Rafael Rondon and Marian Mooney-Rondon

Right: Marian Mooney-Rondon. Center: Rafael Rondon. (Images via FBI court filings.)

A woman whose hand was seen touching the laptop that was stolen from Nancy Pelosi’s office during the Jan. 6 attack on the U.S. Capitol has been convicted for her role in the riot and theft.

Maryann Mooney-Rondon, 56, of Watertown, New York, was found guilty Monday of obstruction of an official proceeding and aiding and abetting the theft of government property. The verdict came from U.S. District Judge Jia Cobb following a stipulated trial, in which Mooney-Rondon and federal prosecutors agreed upon a specific set of facts regarding her actions on Jan. 6, the Justice Department announced in a press release.

According to the statement of stipulated facts, Mooney-Rondon drove with her son Rafael Rondon from Watertown — some 320 miles northwest of New York City — to the Washington, D.C., area on Jan. 5, 2021, to attend Donald Trump’s so-called “Stop the Steal” rally near the White House on Jan. 6. At that event, Trump exhorted his supporters to march to the Capitol and “fight like hell” against Congress’ certification of Joe Biden’s win in the 2020 presidential election. Mooney-Rondon joined that march and entered the building at around 2:23 p.m., around 10 minutes after the building was initially breached by violent rioters who smashed windows and broke doors.

She and her son made their way to then-House Speaker Nancy Pelosi’s office suite, where they apparently discussed stealing the laptop that they believed belonged to the top Democrat in the House at the time.

“It would be interesting to see what’s on that hard drive,” Mooney-Rondon apparently told an as-yet-unidentified man, according to court documents. She then provided that man with her gloves so that he could “retrieve the laptop computer without leaving fingerprint evidence on the device.”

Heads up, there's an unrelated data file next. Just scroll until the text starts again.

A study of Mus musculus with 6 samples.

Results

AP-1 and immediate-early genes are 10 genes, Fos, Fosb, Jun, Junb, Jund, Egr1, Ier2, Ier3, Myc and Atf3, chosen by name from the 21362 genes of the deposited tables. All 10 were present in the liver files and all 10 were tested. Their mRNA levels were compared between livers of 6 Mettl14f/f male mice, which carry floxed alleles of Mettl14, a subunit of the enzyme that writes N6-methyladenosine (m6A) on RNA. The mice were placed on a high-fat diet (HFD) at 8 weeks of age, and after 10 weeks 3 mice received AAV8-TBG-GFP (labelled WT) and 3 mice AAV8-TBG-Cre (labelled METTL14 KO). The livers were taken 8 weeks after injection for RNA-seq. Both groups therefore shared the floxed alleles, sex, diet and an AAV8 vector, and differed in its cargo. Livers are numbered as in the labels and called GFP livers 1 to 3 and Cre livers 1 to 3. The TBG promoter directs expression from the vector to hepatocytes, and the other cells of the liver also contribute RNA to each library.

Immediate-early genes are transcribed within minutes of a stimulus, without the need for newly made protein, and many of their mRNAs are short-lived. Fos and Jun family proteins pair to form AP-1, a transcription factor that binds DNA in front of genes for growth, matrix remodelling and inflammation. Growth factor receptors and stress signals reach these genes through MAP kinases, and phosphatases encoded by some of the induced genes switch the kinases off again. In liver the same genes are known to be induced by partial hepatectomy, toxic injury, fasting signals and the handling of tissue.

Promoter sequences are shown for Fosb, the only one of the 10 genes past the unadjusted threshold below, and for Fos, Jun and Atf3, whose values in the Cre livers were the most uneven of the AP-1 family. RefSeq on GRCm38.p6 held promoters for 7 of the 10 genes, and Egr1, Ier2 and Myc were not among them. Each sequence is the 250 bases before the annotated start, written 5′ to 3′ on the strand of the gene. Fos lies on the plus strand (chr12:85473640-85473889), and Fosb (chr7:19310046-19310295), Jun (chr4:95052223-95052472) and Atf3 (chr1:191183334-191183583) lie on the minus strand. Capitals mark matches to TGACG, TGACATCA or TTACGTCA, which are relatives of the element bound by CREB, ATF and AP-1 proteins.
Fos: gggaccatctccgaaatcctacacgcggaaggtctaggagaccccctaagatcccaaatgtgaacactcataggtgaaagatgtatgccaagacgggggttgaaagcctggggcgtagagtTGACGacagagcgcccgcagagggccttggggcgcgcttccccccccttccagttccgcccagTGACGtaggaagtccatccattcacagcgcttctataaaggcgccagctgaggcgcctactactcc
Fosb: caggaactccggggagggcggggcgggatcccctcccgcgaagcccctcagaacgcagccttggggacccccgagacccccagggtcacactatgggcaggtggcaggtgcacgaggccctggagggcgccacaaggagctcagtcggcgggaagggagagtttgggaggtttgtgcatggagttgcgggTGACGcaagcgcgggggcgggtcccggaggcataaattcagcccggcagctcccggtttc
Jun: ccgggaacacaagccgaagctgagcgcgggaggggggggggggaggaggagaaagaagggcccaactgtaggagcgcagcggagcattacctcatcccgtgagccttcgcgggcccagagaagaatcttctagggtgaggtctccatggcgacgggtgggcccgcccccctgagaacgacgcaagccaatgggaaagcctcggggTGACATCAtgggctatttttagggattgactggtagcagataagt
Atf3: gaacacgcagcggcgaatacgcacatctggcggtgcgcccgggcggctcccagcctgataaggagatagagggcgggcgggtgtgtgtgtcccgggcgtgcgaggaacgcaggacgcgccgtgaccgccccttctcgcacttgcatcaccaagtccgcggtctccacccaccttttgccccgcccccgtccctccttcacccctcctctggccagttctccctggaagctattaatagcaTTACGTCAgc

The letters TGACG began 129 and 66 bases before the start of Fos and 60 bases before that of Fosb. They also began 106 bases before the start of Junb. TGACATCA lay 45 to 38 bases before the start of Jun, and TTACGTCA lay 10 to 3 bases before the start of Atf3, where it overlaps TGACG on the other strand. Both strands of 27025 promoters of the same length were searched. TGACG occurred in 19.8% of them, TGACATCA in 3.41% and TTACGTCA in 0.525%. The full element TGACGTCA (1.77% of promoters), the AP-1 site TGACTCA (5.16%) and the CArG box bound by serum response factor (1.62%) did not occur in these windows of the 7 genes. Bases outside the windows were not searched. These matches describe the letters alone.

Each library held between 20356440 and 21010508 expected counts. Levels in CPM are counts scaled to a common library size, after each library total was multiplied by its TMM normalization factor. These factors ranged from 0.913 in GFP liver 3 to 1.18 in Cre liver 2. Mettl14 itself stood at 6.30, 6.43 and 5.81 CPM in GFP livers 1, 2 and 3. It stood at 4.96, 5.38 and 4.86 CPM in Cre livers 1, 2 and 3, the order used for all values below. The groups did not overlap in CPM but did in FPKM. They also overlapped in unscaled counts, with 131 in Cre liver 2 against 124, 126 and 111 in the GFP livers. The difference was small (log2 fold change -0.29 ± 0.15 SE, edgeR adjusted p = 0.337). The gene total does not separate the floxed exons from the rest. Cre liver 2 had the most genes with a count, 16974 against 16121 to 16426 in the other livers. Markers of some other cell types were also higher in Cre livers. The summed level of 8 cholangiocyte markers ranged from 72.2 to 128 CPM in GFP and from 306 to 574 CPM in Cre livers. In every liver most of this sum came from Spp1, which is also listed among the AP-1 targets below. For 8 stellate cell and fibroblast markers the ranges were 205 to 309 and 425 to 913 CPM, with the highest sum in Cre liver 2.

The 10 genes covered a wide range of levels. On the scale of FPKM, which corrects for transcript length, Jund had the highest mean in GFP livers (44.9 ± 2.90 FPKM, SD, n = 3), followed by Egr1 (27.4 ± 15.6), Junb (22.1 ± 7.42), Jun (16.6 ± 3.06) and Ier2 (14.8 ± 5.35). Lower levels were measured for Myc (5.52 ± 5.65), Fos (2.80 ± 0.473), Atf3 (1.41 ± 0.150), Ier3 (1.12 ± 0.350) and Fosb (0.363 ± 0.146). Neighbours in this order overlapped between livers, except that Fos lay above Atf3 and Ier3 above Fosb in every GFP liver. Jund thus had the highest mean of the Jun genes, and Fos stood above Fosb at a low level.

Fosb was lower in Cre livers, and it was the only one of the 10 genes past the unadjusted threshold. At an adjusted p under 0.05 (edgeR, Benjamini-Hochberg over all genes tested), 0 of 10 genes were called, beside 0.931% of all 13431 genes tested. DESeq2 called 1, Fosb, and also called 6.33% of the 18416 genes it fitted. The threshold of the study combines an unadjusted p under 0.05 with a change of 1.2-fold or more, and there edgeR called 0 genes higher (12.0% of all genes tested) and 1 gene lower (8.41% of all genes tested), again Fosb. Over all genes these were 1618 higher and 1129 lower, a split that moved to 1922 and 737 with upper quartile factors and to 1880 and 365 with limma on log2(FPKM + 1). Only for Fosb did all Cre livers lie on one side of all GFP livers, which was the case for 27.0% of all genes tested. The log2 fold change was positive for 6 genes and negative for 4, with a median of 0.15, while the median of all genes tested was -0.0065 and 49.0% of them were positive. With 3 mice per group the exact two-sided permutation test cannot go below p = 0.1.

The man then took the computer.

Afterwards, Mooney-Rondon and her son were seen in the Senate Gallery, where they stole a bag containing an “emergency escape hood,” which contains an air-filtering device that members of Congress and their staff keep on hand to use in case of emergencies. They eventually left the building after about 30 minutes inside, at 2:52 p.m.

According to the federal docket, Mooney-Rondon was also charged with six trespassing and disorderly conduct misdemeanors that carried a combined potential four years behind bars. She was not convicted of those charges.

Mooney-Rondon faces up to 20 years in prison on the obstruction charge and up to one year for the theft charge, plus potential financial penalties.

Her conviction marks the latest development in the prosecution for those accused in stealing then-House Speaker Pelosi’s laptop from her office in the Capitol. Mooney-Rondon’s son Rafael Rondon, 25, pleaded guilty in December to the felony obstruction charge. He is set to be sentenced in June.

On Thursday, Riley June Williams, who was charged — but not convicted — of stealing the laptop and possibly trying to sell it to Russian intelligence was sentenced to three years behind bars. According to prosecutors, when Williams was in Pelosi’s office she told another rioter to “put on gloves” in order to avoid leaving fingerprints on the computer.

Cobb, a Biden appointee, set Mooney-Rondon’s sentencing for July 18.